CDF prefect says Latin American mindset key to understanding Pope

To truly understand Pope Francis, one must understand the Latin American mindset, the Prefect of the Congregation of the Doctrine of the Faith says.

Cardinal Gerhard Müller spoke about the Pope during an interview with the Austrian Pontifical Missions magazine Alle Welt.

Cardinal Müller said the Western world would have to learn to see problems from the Pope’s point of view, which was very different from the European one.

It was very good for the world Church not always to see things through European eyes, the cardinal said, and to discover how other people saw Europe.

The CDF prefect has considerable experience of life in Peru over several decades and is a close friend of the Peruvian liberation theologian, Gustavo Gutierrez.

The Church criticises the one-sidedness of both capitalism and socialism and supports a social market economy, as a synthesis that avoided extremes, the CDF prefect said.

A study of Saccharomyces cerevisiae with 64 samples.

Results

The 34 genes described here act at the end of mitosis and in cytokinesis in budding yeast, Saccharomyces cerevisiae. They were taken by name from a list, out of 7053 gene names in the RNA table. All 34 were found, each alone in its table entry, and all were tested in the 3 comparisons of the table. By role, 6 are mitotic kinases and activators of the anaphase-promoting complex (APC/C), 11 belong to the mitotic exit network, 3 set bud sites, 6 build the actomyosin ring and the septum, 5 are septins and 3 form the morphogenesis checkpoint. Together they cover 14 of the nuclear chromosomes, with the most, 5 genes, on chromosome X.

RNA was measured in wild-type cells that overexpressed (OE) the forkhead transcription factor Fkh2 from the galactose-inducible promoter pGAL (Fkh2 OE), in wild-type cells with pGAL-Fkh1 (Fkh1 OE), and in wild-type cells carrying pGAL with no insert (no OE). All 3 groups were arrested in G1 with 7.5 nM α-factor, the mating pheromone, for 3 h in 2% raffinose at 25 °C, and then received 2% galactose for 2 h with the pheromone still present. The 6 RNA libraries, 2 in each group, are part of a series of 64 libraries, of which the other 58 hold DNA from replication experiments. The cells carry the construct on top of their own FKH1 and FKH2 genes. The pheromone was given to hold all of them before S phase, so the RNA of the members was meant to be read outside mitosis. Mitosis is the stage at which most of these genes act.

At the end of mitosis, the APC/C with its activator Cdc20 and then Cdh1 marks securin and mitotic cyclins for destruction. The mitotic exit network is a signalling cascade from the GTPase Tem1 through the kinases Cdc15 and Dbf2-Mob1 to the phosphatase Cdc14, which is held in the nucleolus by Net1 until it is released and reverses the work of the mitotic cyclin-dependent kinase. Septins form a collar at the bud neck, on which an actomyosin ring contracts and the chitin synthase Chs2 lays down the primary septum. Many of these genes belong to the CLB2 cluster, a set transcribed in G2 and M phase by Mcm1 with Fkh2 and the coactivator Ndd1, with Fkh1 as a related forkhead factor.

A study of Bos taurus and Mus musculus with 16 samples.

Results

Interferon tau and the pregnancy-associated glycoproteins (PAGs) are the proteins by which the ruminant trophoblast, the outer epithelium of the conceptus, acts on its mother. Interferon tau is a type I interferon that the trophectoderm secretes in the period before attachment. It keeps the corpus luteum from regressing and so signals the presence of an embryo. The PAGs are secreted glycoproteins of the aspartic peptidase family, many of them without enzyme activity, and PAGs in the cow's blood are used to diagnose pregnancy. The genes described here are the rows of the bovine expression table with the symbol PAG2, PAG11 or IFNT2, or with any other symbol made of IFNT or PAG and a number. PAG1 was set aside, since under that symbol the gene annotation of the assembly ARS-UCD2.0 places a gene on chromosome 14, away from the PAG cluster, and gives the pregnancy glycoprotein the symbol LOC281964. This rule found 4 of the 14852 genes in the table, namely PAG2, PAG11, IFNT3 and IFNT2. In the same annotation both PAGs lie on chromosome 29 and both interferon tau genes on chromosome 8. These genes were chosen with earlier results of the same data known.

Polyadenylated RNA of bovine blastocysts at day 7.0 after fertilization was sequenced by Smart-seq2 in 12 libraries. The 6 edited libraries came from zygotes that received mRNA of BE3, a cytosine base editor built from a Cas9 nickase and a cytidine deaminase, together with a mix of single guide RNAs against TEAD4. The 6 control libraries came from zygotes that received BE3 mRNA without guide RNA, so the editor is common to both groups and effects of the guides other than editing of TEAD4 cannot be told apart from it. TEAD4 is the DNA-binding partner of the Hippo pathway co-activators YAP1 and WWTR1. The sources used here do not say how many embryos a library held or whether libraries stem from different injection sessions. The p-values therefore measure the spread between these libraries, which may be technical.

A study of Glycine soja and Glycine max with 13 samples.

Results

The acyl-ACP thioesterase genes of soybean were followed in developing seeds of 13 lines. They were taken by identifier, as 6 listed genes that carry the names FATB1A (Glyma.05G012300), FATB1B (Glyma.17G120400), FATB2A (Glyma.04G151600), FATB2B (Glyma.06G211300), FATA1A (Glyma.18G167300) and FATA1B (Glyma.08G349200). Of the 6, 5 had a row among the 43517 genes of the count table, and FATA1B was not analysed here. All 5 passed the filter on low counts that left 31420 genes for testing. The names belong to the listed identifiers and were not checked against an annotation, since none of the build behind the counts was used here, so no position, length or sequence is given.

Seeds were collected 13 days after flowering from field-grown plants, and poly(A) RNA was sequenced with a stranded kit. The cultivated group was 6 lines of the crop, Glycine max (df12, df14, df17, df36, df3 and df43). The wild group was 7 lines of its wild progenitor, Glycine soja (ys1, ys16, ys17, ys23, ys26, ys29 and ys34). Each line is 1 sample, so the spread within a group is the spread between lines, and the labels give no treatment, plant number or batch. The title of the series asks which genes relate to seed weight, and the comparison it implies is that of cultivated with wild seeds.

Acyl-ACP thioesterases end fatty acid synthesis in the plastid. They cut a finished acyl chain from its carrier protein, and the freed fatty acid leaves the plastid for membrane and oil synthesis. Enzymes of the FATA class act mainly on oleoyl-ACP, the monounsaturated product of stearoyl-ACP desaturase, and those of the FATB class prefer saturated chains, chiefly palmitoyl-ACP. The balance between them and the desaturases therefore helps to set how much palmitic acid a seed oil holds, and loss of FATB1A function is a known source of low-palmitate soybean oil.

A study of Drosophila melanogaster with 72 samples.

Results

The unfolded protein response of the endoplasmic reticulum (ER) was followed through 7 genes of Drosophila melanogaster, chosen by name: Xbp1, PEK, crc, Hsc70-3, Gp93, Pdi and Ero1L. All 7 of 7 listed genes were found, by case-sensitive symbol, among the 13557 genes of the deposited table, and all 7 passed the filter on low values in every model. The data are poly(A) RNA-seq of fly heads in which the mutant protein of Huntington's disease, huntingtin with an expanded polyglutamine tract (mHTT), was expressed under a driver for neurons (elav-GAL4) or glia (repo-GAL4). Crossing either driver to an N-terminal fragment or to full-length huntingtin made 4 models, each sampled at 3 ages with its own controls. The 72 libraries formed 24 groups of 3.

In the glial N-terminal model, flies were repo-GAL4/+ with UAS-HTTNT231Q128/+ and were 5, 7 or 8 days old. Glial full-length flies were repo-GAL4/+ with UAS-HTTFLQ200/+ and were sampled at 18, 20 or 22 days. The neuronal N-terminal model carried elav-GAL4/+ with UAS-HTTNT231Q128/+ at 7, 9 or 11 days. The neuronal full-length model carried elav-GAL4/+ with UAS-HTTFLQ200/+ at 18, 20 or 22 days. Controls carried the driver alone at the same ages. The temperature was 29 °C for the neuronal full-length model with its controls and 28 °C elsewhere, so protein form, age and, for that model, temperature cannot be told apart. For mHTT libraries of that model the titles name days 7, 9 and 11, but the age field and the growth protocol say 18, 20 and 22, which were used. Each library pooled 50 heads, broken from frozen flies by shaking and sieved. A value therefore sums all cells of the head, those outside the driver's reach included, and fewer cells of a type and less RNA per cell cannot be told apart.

The main aim of Pope Francis’s pontificate is to draw the world’s attention to the poor and to change the global structures that lead to poverty, the cardinal noted.

Responding to his interviewer’s comment that many American’s, including US Catholics, see the European social market economy as “too socialist”, Cardinal Müller was blunt.

“A balance must be found between freedom and social responsibility. One cannot simply absolutise US individualism, which has had a formative influence on US culture.”

“When the United States acts as the world’s policeman, the world does not become more peaceful.

“One cannot compromise and say, ‘To be sure – I’m a Christian – but count me out as far as Christian social teaching is concerned’.”

Speaking about changing unjust structures, Cardinal Müller said history has shown that it wasn’t sufficient to treat slaves well; rather, the abolition of slavery was needed.

“Both the structures and the mentality [that leads to poverty] must be changed so that an awareness of solidarity can emerge,” he said.

Cardinal Muller said there had been a decline in “love of one’s neighbour” in the Western world.

“People are judged by their usefulness and their contribution to the GNP and when they’re old we don’t know what to do with them,” he said.